Green’s trio work is outstanding and nicely varied. “Playmate” is a real tour de force and features blazingly fast single-line and octave runs a la Oscar Peterson. In the middle of the song there is a lot of nice stride piano. Green and company change pace with “Pensativa,” a pleasant bossa nova that is indebted to Antonio Carlos Jobim’s “Wave” and also to “You Came Along from Out of Nowhere.” “One of Another Kind” is an interesting composition and almost sounds like an up-tempo version of Miles Davis’ “So What?”
Green displays a similar eclecticism with his solo piano pieces. They range from a swinging version of Steve Allen's “Gravy Waltz” to the highly contrapuntal “The Place To Be” to a very sensitive and understated performance of the beautiful ballad “The Folks Who Live on the Hill.” The last song is one of the most poignant compositions in the Great American Songbook, yet it is not performed that often, the most recording being Diana Krall’s.
Benny Green is a consummate jazz pianist. He’s mastered all the past styles from Kansas City stride to Bill Evans to bebop and beyond and he’s taking the music to heights unknown. The Place To Be is just that, the place where everyone who appreciates great jazz will want to be.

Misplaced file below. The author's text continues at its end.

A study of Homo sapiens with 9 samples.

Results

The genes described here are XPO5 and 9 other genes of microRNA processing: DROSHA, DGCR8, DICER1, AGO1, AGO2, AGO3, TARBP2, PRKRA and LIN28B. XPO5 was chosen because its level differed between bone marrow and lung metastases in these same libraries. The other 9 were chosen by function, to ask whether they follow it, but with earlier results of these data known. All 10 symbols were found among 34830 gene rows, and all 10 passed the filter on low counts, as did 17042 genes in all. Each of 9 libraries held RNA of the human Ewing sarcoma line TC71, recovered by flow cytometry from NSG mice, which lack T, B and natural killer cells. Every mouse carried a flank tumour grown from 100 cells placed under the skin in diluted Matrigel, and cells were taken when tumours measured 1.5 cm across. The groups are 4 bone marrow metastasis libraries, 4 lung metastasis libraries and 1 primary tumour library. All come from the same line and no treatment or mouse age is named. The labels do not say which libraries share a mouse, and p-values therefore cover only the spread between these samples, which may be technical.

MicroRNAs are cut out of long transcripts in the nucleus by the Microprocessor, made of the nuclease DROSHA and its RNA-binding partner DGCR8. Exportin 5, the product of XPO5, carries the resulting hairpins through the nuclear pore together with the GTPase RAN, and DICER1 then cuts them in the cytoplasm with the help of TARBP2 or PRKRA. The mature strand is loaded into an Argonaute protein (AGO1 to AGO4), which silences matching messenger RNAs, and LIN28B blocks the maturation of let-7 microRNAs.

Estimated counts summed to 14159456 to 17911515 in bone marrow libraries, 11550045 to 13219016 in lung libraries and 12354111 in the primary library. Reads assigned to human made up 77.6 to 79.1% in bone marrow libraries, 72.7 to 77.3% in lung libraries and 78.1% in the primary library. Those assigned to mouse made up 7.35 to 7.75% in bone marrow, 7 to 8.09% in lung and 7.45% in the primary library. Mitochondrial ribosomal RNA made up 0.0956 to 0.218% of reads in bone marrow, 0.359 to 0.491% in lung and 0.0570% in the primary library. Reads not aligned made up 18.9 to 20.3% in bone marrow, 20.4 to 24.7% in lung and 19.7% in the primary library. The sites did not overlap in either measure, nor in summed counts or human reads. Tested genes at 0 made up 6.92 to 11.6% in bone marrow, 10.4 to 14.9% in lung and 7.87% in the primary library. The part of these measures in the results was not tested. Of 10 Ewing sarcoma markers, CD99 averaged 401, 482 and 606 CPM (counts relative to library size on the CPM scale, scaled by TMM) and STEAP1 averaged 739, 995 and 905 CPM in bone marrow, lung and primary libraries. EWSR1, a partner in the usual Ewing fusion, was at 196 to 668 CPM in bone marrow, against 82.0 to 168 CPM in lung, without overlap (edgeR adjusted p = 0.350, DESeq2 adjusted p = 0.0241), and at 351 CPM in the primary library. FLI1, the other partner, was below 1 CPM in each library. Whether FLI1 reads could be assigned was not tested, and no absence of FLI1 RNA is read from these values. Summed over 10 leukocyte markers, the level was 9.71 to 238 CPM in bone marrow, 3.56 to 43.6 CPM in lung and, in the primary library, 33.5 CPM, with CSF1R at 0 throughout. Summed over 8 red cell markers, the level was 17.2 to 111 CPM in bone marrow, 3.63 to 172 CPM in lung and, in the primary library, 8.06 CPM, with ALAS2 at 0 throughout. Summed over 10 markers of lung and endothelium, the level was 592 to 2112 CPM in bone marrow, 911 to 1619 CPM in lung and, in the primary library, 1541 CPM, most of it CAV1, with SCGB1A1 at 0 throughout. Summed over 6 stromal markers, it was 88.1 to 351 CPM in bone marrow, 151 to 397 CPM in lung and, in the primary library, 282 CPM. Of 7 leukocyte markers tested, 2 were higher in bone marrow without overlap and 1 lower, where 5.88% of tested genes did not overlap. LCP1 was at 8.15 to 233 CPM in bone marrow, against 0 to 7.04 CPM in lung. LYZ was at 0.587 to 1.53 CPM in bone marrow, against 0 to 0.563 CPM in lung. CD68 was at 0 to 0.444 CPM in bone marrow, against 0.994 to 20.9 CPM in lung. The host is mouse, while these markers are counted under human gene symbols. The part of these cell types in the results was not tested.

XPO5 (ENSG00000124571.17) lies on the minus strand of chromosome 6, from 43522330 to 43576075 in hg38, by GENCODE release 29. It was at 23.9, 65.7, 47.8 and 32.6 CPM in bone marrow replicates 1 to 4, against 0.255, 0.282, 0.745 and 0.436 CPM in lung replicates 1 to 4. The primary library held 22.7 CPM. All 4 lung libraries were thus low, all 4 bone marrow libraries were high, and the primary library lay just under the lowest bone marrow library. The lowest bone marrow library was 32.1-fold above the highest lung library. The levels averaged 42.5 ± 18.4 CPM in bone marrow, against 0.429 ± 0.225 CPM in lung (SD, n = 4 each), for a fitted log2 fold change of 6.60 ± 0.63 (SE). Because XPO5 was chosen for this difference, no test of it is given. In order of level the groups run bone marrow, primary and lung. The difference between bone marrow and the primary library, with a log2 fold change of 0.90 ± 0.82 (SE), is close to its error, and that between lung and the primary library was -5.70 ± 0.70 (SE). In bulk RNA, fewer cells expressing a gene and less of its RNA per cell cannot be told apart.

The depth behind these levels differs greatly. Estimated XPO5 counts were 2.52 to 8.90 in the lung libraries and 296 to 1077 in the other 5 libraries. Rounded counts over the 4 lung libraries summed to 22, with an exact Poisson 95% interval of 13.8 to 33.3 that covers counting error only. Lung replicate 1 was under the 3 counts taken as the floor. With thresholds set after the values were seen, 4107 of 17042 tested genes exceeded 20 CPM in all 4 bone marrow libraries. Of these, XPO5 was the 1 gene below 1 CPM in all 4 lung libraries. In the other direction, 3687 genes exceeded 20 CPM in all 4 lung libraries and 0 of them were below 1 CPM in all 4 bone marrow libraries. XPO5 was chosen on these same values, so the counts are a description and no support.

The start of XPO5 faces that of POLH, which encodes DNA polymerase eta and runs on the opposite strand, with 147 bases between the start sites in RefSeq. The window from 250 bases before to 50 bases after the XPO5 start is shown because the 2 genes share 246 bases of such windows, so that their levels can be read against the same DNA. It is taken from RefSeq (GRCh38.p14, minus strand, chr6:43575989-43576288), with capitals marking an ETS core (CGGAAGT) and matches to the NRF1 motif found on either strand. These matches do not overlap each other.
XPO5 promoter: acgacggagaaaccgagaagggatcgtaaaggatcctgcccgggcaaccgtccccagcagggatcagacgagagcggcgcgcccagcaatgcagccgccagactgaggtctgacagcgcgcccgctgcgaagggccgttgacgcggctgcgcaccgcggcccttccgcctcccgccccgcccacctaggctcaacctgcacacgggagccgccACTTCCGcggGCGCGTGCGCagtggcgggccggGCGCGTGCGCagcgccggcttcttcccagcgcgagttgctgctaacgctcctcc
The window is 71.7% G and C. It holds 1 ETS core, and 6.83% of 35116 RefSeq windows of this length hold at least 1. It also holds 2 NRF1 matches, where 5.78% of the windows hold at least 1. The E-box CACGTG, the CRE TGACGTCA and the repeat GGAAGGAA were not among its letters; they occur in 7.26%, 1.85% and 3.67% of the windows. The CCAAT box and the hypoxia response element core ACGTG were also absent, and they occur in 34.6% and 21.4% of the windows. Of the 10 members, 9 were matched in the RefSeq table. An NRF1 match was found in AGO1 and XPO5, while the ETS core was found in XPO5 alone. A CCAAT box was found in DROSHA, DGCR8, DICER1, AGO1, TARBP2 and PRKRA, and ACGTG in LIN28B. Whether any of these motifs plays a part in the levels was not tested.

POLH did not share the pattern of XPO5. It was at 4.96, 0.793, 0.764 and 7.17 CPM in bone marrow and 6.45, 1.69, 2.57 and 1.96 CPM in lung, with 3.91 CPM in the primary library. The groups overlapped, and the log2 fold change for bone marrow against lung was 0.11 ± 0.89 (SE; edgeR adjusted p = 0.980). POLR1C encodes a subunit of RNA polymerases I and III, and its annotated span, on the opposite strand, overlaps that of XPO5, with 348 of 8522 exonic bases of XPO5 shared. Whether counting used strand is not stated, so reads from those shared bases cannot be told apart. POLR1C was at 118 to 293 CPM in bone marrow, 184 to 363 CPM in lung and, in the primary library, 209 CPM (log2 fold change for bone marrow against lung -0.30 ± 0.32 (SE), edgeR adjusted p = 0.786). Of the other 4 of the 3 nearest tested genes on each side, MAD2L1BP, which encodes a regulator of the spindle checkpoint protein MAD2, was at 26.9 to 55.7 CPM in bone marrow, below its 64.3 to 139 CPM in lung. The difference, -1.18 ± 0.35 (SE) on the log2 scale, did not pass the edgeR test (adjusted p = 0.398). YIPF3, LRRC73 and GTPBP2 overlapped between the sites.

Track Listing: Nice Pants; Playmate; I Want to Talk About You; Place to Be; I Felt That; Pensativa; One of Another Kind; Which Came First?; Noreen's Nocturne; Concertina; Gravy Waltz; Folks Who Live on the Hill
Personnel: Benny Green, piano; Delfeayo Marsalis, trombone; Christian McBride, bass; Byron Stripling, trumpet; Gary Smulyan, baritone sax; John Clark, flugelhorn; Kenny Washington, drums; Herb Besson, tuba;
Jerry Dodgion, flute, alto sax
I love jazz because anything is possible; it has few rules and the best jazz breaks those ones. I prefer free improv because it doesn't really have any rules at all.
I was first exposed to jazz in my teens (in the late sixties).
The first jazz record I bought was Filles de Kilimanjaro by Miles Davis, shortly followed by Extrapolation by John McLaughlin.
My advice to new listeners is to listen as widely as possible and not to make snap judgments--stick with it.